The Oxford Dictionaries define religion as “The belief in and worship of a superhuman controlling power, especially a personal God or gods”.
Faith is a powerful word, with different meaning to us all. It can provide hope and security, trust and confidence. It helps numerous people through the day, every day. With faith comes conviction. However, with conviction sometimes follows conflict. And conflicts often stem from a lack of understanding. In a perfect world we would all have a mutual acceptance towards each other, regardless of what we know about someone else’s beliefs and opinions. In the meantime, a way to help people embracing a different faith than their own could be to try and educate them.
FAITH! wants to address this by merging two concepts, namely religion and knowledge.
The challenge consists of two parts: to design a place of worship, and a place of information. The idea behind this combination builds on the notion that allowing people of different faiths to come together, and share their thoughts and experiences, could enrich everyone.
Design a place of worship in London!
In addition to the actual place of worship, the design proposal should include a component dedicated to informing and educating people who are interested in knowing more about that specific religion. Whether this component is part of the overall structure or a freestanding object - or concept - should be decided by the participant.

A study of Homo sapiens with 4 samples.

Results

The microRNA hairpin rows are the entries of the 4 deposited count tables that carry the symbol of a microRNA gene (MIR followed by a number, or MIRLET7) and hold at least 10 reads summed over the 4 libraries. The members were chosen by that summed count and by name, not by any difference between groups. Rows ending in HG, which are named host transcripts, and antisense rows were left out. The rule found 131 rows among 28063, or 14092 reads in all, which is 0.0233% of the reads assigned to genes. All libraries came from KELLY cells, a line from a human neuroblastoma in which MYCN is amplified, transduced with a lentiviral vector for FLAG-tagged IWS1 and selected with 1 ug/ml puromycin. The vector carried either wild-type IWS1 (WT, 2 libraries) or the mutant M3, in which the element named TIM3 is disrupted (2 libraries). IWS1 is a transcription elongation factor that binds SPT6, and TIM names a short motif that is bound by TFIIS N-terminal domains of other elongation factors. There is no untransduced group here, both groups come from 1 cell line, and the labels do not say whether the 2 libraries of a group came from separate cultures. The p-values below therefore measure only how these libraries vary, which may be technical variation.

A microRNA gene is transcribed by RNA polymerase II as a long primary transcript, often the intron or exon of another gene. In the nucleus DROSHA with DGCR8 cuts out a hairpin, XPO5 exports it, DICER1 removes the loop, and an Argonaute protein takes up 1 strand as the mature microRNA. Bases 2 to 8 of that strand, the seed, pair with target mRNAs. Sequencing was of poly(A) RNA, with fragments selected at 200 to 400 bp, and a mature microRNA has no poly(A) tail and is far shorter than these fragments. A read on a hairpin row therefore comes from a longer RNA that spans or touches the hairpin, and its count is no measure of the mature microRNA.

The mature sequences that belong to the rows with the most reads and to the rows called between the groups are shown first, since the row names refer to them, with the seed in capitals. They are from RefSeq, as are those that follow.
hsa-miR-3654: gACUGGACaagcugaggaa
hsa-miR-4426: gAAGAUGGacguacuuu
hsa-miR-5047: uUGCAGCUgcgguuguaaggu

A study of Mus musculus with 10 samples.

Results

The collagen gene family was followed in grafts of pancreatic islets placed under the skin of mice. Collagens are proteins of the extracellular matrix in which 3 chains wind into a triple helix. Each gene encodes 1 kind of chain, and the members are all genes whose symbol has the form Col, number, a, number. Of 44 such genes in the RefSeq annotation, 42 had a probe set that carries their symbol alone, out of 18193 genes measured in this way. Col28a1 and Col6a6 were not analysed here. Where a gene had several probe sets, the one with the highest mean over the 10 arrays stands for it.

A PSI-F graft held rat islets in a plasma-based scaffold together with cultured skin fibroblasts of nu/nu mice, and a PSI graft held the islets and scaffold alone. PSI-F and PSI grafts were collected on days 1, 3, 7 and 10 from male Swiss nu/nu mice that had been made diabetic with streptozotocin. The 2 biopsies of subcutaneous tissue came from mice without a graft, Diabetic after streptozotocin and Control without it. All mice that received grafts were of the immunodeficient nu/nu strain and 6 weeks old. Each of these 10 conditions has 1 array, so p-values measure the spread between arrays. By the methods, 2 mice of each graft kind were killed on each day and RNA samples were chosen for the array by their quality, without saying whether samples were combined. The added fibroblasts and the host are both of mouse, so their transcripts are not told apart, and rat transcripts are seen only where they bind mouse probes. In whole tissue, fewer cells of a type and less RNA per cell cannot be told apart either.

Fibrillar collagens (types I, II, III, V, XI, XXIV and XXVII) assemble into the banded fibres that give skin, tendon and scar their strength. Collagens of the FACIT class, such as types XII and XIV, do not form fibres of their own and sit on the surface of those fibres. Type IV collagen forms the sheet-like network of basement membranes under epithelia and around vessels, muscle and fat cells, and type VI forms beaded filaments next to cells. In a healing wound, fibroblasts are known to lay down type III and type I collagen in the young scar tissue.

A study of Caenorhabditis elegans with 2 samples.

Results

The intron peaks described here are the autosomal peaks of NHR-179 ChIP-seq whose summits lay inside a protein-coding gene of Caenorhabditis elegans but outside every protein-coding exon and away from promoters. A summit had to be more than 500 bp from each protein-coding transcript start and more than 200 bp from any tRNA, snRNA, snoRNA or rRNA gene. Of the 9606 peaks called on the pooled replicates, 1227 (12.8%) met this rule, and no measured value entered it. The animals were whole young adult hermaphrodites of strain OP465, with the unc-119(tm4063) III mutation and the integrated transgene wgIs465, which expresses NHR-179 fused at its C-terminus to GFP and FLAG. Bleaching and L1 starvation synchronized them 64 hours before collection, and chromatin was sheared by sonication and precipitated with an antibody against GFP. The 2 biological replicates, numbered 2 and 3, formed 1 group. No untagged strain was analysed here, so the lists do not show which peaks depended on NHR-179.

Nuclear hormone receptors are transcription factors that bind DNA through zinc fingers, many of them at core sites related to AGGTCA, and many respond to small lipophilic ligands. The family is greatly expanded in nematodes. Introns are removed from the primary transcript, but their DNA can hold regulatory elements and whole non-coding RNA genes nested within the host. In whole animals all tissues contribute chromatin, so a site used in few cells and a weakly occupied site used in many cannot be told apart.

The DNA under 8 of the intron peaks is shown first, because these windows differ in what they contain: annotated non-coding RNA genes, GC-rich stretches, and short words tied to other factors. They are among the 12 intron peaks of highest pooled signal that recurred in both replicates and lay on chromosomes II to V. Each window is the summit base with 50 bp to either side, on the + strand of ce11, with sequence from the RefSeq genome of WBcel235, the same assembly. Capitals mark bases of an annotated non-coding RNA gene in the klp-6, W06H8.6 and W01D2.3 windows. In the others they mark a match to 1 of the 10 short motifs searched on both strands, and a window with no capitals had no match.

It is left to the discretion of each participant to choose the faith in question. For example: Christianity, Islam, Hinduism or any of the other world religions. Or, departing from the international faiths, it can be an indigenous religion, or a belief associated with a New Religious Movement (NRM). It can even be a cult, or a place for atheists. And of course it does not matter if you believe in the faith or not.
Is there a way of using architectural design to awaken someone’s curiosity? Can a place of worship be designed to suit its followers and function as a beacon, enticing “outsiders” to come closer? With curiosity comes wisdom.
The actual design should benefit everyone - from worshippers of the religion in question to a passer-bys, or someone interested in finding out more about the religion.
There are no restrictions on the actual building other than it has to be located within the site boundary.
Please note that this is an ideas-based competition - there is no intention of building any of the winning projects.